Oct 152006

Invincible.jpgFrom the producers of “The Rookie”, this inspiring sports movie will star Mark Wahlberg as a Philadelphia Eagles fan who has just lost his wife and his teaching job. He decides one day to show up for an open tryout for his favorite NFL team, only to see his wildest dreams come true.

Directed by
Ericson Core

Drama, Sport

Mark Wahlberg, Greg Kinnear, Elizabeth Banks, Kevin Conway, Michael Rispoli, Kirk Acevedo, Dov Davidoff, Michael Kelly, Sal Darigo, Nicoye Banks, Turron Kofi Alleyne, Stink Fisher, Michael Mulheren, Michael Nouri, Jack Kehler

*** This comment may contain spoilers ***

Never underestimate the power of a good story, decent acting and a great soundtrack. That’s what Disney’s “Invincible,” starring Mark Wahlberg and Greg Kinnear, brings to viewers.

“Invincible” is the biographical tale of down-on-his-luck Vince Papale (Wahlberg), who is a pretty fair street football player in Philadelphia in the mid-1970s. He is also a substitute teacher, but when he loses that gig, is forced to tend bar part-time.

Meanwhile, his team, the NFL Eagles – mired in several seasons of last-place finishes (making the franchise the joke of the NFC East) – hires a new head coach, Dick Vermeil (Kinnear), who decides to hold an open tryout for players. It’s looked upon as a joke, and hundreds of untalented and out-of-shape clowns show up at Veteran’s Stadium for the event, even Vince (who never played college ball and is sure he is not good enough to get a second look). On a fluke, however, he is the only walk-on allowed to go to training camp.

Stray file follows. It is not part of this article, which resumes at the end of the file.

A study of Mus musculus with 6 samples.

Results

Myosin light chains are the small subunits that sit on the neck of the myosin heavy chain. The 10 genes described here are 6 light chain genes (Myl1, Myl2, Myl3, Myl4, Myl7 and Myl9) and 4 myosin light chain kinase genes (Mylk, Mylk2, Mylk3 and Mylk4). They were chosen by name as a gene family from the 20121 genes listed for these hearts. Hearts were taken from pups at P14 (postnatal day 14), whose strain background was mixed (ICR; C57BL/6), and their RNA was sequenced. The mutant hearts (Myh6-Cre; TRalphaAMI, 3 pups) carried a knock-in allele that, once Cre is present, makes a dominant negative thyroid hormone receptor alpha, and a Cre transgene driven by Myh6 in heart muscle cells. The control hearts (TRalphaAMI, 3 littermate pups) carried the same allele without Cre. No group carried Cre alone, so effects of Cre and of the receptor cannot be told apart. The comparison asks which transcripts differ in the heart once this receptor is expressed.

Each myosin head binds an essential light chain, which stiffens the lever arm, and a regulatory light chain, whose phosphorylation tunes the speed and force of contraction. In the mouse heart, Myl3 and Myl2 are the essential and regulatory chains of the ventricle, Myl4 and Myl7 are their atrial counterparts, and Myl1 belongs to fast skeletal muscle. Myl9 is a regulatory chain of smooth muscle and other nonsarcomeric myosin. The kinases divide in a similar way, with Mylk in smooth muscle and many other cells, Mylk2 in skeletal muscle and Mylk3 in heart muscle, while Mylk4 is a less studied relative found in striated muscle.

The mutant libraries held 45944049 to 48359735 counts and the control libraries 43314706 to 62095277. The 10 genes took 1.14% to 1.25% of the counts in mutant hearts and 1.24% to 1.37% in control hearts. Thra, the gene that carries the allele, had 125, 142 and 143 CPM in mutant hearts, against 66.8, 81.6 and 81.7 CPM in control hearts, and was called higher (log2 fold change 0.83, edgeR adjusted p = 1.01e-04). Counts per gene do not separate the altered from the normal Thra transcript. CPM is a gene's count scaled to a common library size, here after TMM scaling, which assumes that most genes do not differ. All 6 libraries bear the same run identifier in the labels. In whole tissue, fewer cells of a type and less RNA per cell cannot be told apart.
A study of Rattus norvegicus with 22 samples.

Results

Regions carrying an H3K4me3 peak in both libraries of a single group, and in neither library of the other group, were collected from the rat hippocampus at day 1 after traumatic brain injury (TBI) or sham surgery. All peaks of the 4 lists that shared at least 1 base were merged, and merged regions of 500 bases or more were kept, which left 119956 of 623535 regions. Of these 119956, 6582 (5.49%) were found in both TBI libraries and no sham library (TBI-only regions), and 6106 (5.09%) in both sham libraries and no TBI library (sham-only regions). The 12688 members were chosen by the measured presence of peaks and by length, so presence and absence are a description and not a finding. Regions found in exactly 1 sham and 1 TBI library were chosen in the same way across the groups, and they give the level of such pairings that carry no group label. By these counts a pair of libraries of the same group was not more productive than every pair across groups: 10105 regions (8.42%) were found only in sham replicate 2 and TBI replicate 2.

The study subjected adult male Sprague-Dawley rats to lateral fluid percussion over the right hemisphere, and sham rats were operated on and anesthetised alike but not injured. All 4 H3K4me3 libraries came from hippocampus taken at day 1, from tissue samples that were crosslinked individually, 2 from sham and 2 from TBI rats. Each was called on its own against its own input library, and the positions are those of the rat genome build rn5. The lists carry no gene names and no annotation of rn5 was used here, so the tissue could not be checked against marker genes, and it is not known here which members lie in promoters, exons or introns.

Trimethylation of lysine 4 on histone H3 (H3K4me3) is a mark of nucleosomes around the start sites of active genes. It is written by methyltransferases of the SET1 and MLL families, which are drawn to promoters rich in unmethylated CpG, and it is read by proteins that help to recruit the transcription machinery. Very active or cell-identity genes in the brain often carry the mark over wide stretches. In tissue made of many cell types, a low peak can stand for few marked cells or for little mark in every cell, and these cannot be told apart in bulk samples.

Meanwhile, he becomes sort of a neighborhood celebrity, and develops a sweet love affair with his boss’ cousin, Janet (Elizabeth Banks), a die-hard New York Giants fan.

He impresses Vermeil enough to make it down to the final cut, but what happens after that, you’ll have to find out yourself.

Wahlberg might be a tad bit small for an NFL player (he’s much smaller than the real Papale), but he is appropriately well-built; and his low-key performance gives real pathos to his character.

Lastly, since the story takes place in 1975 (the year my old favorite team, the St. Louis Cardinals, won the NFC East), you would expect the soundtrack to blast some high quality tunes. In this respect, the film does not disappoint. Tunes from The Who, Jim Croce, Bachman-Turner Overdrive, Canned Heat, Edgar Winter Group, Grand Funk Railroad, Rod Stewart, Elvin Bishop, Rare Earth and others, highlights this movie-going experience.

A bit sappy, at times, but overall, a nice little biopic that is one of the more inspiring movies of 2006.